Looking Back and Looking Forward: PreventConnect Staff Reflect on 2020
This year has been fraught with challenges, heartache, grief, destruction, disaster, and violence, but this year has also provided pockets of connection, mutual care, healing, and striving for and acting towards a better society. The pandemic and its devastating consequences to health, jobs, communities, and economic security, and civil uprisings in defense of nonviolence marked a year where national attention shined on the ways in which the systems we rely on fail to protect those who are most vulnerable. Ijeoma Oluo states in her new book that largely, things “work according to design,” and this year has shown violence prevention practitioners and others inspired to create conditions where violence cannot occur to seek out ways to change systems or create new systems that are designed to promote health, safety, and security for all.
To say this year has been challenging is an understatement, as we’ve witnessed countless ways people and communities have been impacted by the events of this year. While we look back on a particularly difficult year, we share what keeps us going and what brings us hope for 2021 for preventing sexual and intimate partner violence.
What is your favorite PreventConnect memory of 2020?
David S. Lee, Deputy Director: In the last year, one of my highlights was sharing the work I did with my great colleague on situational prevention on college campus.
Ashleigh Klein-Jimenez, Director of Prevention: Despite such a tough year, there were some cool things that happened with PreventConnect. We celebrated our 15th anniversary and were included in NSVRC’s “20 Events That Shaped Sexual Violence Prevention in the Last 20 Years.” We also released web conference summaries in Spanish and have plans to expand our accessibility. (See our latest blog in Spanish here)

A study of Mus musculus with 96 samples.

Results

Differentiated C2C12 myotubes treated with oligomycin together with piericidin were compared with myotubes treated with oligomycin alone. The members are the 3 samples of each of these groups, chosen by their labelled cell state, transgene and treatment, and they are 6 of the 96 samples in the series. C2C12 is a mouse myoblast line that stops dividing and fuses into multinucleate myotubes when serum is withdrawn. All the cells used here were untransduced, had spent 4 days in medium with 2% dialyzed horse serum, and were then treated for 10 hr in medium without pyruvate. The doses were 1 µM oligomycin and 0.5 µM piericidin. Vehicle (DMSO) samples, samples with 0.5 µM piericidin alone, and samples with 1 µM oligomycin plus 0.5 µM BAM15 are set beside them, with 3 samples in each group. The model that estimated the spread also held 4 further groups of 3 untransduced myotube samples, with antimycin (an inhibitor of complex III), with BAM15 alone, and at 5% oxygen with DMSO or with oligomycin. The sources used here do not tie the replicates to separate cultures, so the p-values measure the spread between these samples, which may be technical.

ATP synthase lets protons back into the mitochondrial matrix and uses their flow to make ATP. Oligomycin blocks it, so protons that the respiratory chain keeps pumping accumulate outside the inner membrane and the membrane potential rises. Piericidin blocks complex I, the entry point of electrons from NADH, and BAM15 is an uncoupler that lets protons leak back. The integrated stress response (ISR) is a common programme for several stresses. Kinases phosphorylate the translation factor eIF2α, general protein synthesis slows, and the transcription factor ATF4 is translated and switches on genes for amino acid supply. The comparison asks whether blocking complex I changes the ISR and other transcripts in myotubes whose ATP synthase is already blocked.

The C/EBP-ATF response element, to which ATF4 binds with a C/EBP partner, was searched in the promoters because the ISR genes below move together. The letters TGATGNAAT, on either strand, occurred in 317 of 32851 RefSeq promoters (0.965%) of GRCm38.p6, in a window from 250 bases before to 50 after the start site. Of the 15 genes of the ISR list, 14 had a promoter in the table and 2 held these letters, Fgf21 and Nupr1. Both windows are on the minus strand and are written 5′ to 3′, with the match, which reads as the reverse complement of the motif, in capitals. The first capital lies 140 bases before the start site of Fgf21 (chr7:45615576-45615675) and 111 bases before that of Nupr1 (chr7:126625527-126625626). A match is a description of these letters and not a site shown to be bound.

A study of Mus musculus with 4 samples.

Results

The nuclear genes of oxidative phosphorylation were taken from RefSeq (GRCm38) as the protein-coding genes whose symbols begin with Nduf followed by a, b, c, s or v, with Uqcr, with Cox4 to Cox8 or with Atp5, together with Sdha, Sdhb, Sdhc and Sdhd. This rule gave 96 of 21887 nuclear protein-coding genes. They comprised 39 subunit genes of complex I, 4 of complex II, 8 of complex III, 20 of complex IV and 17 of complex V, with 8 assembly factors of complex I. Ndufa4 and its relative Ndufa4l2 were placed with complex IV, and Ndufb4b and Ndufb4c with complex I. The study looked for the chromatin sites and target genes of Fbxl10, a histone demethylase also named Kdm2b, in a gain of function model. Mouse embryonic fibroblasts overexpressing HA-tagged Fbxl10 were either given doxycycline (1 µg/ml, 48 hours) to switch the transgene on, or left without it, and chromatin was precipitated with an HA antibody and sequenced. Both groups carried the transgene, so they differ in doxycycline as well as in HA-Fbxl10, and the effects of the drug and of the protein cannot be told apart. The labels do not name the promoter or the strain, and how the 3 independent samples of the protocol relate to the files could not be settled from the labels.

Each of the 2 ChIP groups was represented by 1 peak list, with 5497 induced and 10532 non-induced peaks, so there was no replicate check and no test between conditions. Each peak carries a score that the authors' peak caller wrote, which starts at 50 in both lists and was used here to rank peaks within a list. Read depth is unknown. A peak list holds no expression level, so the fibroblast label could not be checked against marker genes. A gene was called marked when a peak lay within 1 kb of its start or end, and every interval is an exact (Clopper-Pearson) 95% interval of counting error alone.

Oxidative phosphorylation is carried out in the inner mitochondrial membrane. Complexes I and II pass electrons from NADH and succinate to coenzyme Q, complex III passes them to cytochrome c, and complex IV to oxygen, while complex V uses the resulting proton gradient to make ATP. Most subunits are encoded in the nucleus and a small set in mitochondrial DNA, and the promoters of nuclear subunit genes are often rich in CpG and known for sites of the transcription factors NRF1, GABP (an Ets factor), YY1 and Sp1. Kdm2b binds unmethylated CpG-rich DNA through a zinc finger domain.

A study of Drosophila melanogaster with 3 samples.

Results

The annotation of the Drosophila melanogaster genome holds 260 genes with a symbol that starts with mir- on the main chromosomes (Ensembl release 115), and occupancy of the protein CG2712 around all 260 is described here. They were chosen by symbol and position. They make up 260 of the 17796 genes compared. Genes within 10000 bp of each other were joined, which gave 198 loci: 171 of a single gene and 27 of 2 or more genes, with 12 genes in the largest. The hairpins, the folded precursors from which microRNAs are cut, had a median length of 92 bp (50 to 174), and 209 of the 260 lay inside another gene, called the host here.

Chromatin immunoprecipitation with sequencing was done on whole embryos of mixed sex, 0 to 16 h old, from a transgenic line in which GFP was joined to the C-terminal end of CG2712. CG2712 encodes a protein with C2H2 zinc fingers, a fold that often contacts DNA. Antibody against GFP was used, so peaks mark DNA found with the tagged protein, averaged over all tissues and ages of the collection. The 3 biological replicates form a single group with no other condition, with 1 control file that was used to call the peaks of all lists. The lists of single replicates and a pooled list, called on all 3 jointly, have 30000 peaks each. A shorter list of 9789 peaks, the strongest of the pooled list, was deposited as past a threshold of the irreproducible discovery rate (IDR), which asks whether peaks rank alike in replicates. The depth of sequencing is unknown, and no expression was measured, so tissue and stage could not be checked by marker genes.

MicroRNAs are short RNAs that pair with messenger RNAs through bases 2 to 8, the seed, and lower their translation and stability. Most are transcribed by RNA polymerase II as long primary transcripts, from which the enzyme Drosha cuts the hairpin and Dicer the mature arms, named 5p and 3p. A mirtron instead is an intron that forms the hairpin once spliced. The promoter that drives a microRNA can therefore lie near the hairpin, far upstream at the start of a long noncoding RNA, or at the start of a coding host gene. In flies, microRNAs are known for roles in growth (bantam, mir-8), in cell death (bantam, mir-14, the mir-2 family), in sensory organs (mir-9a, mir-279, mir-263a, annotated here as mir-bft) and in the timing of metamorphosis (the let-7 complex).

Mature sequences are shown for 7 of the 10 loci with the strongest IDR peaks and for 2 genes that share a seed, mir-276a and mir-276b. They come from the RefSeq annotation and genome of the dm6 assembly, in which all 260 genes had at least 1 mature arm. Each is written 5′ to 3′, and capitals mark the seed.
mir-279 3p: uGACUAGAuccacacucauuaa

Tori VandeLinde, Project Coordinator: My favorite memory of 2020 was our Messaging the Connections web conference. Our guests made the connections between broad economic policies and preventing violence and promoting safety so clear.
What is a prevention challenge you saw people/communities adapt to during 2020?
DSL: How so many prevention practitioners joined PreventConnect sessions to explore to do prevention during the pandemic – especially the first few months
(See Let’s Connect and Preventing Violence in Our Homes for the recordings).
AKJ: I’ve really loved how prevention practitioners have been thoughtful in how to adapt prevention strategies to virtual settings. Specifically, realizing that not everything makes sense to just do online. There has been a lot of reimagining and I think it’s a testament to our ability to adapt and meet the needs of the communities we work in/with.
TV: Prevention practitioners in California used mask making and distribution as an opportunity to engage their communities in prevention messaging, and forged new connections with parents, adults, and others in their communities in ways we haven’t thought about before.
What are you looking forward to for sexual and intimate partner violence prevention in 2021?
DSL: I look forward to building on what we are learning during the pandemic about how prevention efforts are the work to build community connections.
AKJ: I feel like in many ways our humanness (despite how messy it is sometimes) and our connection to one another have become so important to the way we advance prevention. I hope we can carry those lessons into 2021. This year stretched many of us and forced new ways of thinking. I think we’ve seen creativity in how we can make connections between violence prevention and broader issues of equity.
TV: I look forward to the ways prevention practitioners will continue to connect mutual aid and care with preventing violence in their communities, and seeing how people are engaging in policy change to create more just, compassionate systems that protect against violence. I also look forward to continued conversations on bringing wholeness to this work and the ways in which we interact with each other, physically distanced and otherwise in the future.